CAIRO: In an effort to boost bilateral trade, two leading partners in the Egypt-European Union trade relationship gathered Monday to sign a Memorandum of Understanding (MOU) and announce the funding of several new investment projects.
The General Authority for Investment and Free Zones (GAFI) and the Confederation of Egyptian European Business Associations (CEEBA), the two signers, sent high-ranking delegations to the event which took place at the GAFI offices in Nasr City.
One, Best Med, seeks “to promote eco-sustainable tourism in the Mediterranean. Another, Invest in Med, is a project to create an investor’s reference book for the Mediterranean region.
Assem Ragab, chairman of GAFI, hosted the event and said he signed MOUs like this one with the strategy of “positioning Egypt as a leader in the region.
“We strongly believe in this union, echoed CEEBA Chairman Sherif Abdel Latif. “Though we’ve been experiencing different economic times in the last six months, there is still opportunity.
Participants agreed that meetings and agreements must be followed up with action and oversight. To that extent, the parties signed off on a proposal that would fund six bilateral trade projects.
Most of the projects that the group had agreed to finance were aimed at fostering further regional investment.
Klaus Ebermann, EU ambassador to Egypt, noted at the meeting that the MOU and the projects it funded, were aimed at creating investment opportunities on both sides of the Mediterranean and promoting public-private partnerships.
He also touted the importance of small and medium enterprises (SMEs) to the bilateral trade relationship.
“SMEs have been the driving force, in our experience, of creating jobs and also in bringing innovation, he said.
Ebermann touted the EU-Egyptian trade relationship as one of the longest and strongest in the EU’s history.
“Those who come late, he quipped, “will be punished by history. And Egypt came early.
The trading partners also agreed that they would not limit their trade pursuits to a strictly bilateral arrangement. The parties involved with the MOU agreed that they wanted to include the entire region in trade growth.
“It’s not only the EU, we’re looking at the whole Mediterranean region, said Alaa Ezz, the secretary general of CEEBA.
Ezz, who presented the assembled parties with a presentation on the trade relationship, noted that CEEBA sought to encourage bilateral cooperation through three means: road shows, inbound delegations, and technical assistance.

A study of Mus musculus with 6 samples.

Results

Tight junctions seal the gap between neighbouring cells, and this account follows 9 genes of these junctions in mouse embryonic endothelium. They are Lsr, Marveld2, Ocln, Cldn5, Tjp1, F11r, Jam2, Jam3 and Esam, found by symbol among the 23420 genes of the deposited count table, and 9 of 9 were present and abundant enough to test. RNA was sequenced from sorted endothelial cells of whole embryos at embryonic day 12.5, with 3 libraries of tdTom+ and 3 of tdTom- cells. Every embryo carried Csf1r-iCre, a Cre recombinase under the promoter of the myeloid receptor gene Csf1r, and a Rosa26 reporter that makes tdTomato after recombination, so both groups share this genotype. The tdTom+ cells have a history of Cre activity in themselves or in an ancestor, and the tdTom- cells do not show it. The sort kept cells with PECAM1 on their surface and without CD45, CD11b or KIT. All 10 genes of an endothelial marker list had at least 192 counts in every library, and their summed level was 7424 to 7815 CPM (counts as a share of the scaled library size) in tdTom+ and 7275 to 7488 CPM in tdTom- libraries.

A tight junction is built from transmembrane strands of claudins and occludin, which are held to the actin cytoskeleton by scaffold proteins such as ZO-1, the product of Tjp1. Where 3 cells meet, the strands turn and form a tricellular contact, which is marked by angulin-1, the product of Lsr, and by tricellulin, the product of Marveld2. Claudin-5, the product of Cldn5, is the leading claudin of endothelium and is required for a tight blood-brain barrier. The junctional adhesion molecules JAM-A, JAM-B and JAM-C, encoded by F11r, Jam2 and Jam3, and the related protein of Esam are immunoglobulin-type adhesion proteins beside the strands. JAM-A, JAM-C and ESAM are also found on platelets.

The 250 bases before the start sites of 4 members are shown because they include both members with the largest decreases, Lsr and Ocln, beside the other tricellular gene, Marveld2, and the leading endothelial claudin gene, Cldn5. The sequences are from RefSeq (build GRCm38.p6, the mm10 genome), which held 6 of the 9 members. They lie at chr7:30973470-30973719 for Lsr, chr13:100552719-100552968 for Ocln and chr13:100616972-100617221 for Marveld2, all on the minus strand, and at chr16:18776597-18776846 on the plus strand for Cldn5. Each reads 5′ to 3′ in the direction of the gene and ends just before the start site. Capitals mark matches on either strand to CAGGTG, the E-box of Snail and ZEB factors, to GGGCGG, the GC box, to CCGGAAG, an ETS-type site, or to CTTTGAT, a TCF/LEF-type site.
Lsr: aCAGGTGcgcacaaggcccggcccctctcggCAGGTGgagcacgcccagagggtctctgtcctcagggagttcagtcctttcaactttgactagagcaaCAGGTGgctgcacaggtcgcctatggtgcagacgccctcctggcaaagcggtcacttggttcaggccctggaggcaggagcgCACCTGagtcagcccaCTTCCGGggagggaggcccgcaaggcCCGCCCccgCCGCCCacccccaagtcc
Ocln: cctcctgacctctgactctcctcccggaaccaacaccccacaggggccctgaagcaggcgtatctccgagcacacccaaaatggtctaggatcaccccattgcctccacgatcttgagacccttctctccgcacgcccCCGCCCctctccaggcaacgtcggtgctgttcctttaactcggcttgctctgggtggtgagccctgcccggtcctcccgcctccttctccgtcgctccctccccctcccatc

Wrapping up the meeting, Ragab assessed the status of Egypt as a viable international trade partner and touched on steps the country must still take to make itself a trade leader.
“This is the time when countries reassess their investment strategies, he said. It has become increasingly clear over the past several months that the Egyptian government has quickly moved to reposition itself to attract foreign direct investment (FDI).
The hope is that when the international credit markets loosen and trade begins flowing, Egypt’s trade regulations will make it more competitive internationally.
The country is also hoping to promote investment in sectors that do not currently enjoy high rates of FDI.
As it stands now, industry makes up 39.7 percent of FDI in Egypt, the financial sector accounts for 29.7 percent, services amount to 12.9 percent, and tourism equals 7.2 percent of all FDI.
Ragab announced that GAFI would make a push to increase investment in IT, financial services, Bio and Nano technologies, education, logistics, and transportation.
GAFI’s involvement in the signing of this MOU is, in itself, emblematic of changing times in Egypt. Ragab, who said during the conference that one of his chief obligations at GAFI was “to make Egypt a less bureaucratic country than it used to be perceived, argued that he has been working to affect more fundamental changes.
GAFI has long been viewed as a “corporate regulator, he said. The new GAFI, he announced, was a “business enabler.